Church measures to help the adjacent Mosque comply with German laws on physical distancing by hosting a number of its worshippers.
A church in Berlin, the German capital, assisted a nearby mosque by hosting Friday prayers in a move praised as “an impressive symbol of unity,” in keeping physical distance guidelines.
Places of worship reopened in the country at the beginning of the month, but worshippers must keep at least one meter away from each other.
Only 50 people can be accommodated in the Dar Assalan Mosque in the district of Neukoelln, Berlin, which sees hundreds of Muslims on Fridays, under the guidelines to contain the spread of the coronavirus pandemic.
The nearby church of Martha Lutheran volunteered to help hosting Muslim prayers in German and Arabic.
“These associations happen because of solidarity. The church saw how Muslims were suffering and asked us: ‘Do you need space to pray?’ That is an amazing sign of solidarity in these times,” said Mohamed Taha Sabry, the mosque’s imam.
“This pandemic has made us a community. Crises bring people get together,” said the imam, who led the congregation in prayer watched over the Virgin Mary through a stained glass window.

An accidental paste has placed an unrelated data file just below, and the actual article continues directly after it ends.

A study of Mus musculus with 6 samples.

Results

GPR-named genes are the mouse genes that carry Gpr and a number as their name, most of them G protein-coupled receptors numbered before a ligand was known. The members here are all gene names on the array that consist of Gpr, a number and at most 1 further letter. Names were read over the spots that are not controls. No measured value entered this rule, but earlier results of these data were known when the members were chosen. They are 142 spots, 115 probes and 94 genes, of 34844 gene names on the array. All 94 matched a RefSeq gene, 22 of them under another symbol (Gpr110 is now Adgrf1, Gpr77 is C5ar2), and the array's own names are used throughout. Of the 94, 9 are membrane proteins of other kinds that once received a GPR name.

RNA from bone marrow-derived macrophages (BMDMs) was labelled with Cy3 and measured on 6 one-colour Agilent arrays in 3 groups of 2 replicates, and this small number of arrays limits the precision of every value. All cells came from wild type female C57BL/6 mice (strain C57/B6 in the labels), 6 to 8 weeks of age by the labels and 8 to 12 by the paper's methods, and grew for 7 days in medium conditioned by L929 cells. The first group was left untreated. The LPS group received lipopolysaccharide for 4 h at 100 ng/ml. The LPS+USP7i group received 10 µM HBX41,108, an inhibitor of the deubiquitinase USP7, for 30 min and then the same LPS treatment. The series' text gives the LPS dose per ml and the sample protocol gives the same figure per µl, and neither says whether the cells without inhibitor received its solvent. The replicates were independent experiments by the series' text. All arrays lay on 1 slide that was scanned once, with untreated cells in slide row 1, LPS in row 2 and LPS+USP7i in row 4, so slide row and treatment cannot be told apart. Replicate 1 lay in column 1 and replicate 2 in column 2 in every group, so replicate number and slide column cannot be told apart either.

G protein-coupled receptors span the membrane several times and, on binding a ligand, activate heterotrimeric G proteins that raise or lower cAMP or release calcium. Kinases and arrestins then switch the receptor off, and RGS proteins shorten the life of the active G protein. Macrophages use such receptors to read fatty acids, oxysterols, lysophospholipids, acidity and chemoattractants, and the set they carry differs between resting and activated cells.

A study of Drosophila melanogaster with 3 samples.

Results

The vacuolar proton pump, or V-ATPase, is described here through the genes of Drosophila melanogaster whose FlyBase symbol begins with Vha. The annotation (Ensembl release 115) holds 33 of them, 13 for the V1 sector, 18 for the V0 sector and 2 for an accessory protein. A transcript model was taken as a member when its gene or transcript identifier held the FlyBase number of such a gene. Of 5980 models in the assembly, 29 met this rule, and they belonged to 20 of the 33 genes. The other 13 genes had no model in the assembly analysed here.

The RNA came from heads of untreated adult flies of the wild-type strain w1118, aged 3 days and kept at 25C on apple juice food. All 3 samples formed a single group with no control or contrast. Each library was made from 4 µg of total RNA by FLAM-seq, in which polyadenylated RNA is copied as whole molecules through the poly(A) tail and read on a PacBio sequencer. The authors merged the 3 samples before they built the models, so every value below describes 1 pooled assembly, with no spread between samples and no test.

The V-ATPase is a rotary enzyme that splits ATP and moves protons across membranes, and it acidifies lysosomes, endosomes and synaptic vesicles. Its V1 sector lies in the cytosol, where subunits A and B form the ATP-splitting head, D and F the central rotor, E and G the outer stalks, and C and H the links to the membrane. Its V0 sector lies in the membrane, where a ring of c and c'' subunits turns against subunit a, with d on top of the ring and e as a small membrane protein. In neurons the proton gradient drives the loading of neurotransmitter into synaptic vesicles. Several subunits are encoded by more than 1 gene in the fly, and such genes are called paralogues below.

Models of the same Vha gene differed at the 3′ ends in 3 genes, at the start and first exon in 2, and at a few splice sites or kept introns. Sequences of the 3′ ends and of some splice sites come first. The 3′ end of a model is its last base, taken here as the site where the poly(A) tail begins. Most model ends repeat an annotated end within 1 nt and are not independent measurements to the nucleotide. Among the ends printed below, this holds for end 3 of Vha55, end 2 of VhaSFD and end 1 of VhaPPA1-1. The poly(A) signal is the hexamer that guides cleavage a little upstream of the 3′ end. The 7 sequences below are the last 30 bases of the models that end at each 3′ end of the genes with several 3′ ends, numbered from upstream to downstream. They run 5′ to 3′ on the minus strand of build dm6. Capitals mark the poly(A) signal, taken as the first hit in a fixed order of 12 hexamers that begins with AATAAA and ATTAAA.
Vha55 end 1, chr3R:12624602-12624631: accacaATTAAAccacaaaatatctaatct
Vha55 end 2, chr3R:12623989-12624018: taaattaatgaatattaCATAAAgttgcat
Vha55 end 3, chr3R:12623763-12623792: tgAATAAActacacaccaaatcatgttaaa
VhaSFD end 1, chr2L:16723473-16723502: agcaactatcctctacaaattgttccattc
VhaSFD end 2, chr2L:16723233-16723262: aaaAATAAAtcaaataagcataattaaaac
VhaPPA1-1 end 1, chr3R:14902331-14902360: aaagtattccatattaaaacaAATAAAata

Samer Hamdoun, one of Muslim worshipers, said it took some time to get used to the church environment.
“It was a strange feeling because of the musical instruments, the pictures,” said Hamdoun. “But when you look, when you forget the small details, this is the House of God in the end.”
The pastor of the church, Monika Matthias, said the Muslim call to prayer moved her.
“I took part in the prayer,” she said. “I gave a speech in German. And during prayer, I could only say yes, yes, yes, because we have the same concerns and we want to learn from you. And it is beautiful to feel that way about each other.”
The pastor said the partnership was a community decision “to do the best in times of coronavirus”.
“This has brought us closer. Whether this partnership will go on and how it will go on, that is still open, but I think getting to know each other and what we have experienced together in this time is strengthening for whatever may lie ahead,” she said.
In April, the Islamic Council, a coalition of 400 mosques, said a lot of people are facing bankruptcy because the closures have spread to the Ramadan holy fasting month, normally a critical time for donations.